I am originally from Paris. I came to London to study Graphic Design at Camberwell College of Art and never went back - dramatic effect. I did go back, for holidays.
I paint with oils. When I recently came back to painting after an absence of almost 20 years, I started using the very same paint tubes and brushes I had kept in an old wooden box in a corner of my house since being a student. That’s the materials I had learnt to paint with at 14 years old - and painted with through to my early twenties. It felt natural and comfortable to reconnect with the painting process through these old friends.
I love the smells and textures associated with oil paint. They make painting a sensorial experience and I can't quite imagine using anything else as a medium. It takes a lot of practice and time to develop skills and mastery in any discipline. I am happy to notice how much better accustomed I am with oil paint now than before I started practicing with it daily. But I am still learning.
As a teenager, I learnt by painting observational still lives and self-portraits. I love still lives, and continue to paint them now. I have painted a lot of portraits and self-portraits in the last three years. But the strand of my work I am particularly developing at the moment is streetscapes and buildings. I base these on places I encounter as I walk or cycle around London. Some of these are very familiar places and come back repeatedly, such as the bridges near my studio in Loughborough Junction. Others come to me suddenly, taking me by surprise.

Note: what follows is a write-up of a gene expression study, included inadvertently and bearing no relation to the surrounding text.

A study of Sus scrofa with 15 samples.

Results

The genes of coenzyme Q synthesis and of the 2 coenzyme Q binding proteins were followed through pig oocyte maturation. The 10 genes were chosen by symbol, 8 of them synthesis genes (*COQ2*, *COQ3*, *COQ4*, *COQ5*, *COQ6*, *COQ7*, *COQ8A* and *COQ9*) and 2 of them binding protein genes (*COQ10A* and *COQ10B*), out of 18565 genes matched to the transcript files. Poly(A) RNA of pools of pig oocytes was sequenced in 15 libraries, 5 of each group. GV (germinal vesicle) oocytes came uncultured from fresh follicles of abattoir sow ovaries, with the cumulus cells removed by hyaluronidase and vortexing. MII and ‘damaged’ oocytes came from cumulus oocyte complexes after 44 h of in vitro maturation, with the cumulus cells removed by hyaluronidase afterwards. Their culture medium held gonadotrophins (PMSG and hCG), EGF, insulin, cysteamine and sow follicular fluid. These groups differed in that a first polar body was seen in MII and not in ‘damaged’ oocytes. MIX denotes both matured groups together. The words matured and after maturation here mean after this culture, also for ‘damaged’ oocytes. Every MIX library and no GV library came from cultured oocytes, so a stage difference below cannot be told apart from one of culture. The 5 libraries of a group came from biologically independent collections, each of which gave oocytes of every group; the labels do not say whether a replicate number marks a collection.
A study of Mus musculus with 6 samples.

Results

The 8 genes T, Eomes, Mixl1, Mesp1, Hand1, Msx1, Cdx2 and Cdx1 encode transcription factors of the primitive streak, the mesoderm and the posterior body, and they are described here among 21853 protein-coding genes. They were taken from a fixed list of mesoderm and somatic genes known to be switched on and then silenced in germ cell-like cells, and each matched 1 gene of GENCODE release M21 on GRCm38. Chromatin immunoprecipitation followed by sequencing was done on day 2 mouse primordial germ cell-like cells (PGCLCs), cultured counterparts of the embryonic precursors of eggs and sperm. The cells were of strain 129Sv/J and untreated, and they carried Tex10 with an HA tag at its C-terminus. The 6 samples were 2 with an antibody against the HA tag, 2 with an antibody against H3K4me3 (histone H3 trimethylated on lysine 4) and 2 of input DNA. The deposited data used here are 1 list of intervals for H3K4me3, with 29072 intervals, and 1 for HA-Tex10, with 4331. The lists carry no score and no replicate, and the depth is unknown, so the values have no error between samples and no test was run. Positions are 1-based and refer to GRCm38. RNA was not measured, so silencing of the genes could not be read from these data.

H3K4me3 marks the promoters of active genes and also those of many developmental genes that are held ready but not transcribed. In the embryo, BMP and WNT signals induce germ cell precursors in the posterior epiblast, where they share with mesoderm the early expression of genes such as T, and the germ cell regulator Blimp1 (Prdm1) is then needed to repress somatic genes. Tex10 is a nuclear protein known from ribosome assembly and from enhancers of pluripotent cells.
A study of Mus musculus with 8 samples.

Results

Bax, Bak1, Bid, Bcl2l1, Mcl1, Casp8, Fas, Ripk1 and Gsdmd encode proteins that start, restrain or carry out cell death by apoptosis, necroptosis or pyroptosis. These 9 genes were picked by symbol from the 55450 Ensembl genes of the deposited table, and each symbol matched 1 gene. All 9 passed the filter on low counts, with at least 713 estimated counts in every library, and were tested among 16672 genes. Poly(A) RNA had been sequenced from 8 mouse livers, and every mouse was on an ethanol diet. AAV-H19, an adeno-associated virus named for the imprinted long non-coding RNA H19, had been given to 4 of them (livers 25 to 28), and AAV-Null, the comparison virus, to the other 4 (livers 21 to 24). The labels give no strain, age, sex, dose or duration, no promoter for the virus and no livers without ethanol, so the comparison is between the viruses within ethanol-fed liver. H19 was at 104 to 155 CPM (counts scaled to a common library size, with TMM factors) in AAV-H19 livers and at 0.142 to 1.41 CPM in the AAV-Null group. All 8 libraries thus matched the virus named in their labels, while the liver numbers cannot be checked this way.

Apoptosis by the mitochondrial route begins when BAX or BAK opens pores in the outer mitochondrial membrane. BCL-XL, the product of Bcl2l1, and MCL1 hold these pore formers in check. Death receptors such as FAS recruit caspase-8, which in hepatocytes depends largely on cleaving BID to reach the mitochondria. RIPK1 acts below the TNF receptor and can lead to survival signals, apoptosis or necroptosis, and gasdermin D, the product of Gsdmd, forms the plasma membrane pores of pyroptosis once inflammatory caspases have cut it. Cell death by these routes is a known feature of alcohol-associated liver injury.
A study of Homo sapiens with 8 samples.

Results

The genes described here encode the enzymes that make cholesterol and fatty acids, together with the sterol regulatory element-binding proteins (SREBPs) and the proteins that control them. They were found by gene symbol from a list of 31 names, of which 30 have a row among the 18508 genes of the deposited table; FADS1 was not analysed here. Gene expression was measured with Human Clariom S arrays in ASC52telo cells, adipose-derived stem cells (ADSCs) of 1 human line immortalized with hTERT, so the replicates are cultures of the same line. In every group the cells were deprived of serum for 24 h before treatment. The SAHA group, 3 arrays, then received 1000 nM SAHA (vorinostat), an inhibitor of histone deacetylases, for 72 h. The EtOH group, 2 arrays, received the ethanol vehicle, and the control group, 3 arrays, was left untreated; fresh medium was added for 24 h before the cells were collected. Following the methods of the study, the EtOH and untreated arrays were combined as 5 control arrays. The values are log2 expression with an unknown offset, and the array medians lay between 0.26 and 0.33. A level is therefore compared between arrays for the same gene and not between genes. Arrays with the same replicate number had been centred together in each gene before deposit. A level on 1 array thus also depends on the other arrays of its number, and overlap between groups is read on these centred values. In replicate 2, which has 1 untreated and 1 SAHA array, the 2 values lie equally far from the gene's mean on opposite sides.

I was a documentary video maker for around 12 years. This made me very aware of my surroundings and conscious of the way I looked at the city around me. I suppose I got used to 'framing' things all the time, even without a camera. Walking around I would suddenly see something and think: 'this would make a good shot'. Now, I see something and I think: 'there is a painting in this'.
So naturally, I use photographs as a starting point for my painting process. The photos capture a 'moment of seeing', when the painting idea comes into being. A moment when lines, light, colours and shapes all fall into a particular order that suddenly makes sense to me.
The painting itself develops during the drawing stage, when I make marks on the canvas with a biro. Reality is simplified, in a way, and perspectives become my own. I then spend a lot of time on the colour, the gradients and the light – working and reworking areas and shapes in relation to each other.
Please contact me if you are interested in buying or commissioning a painting, or if you would like to be added to my mailing list for future events.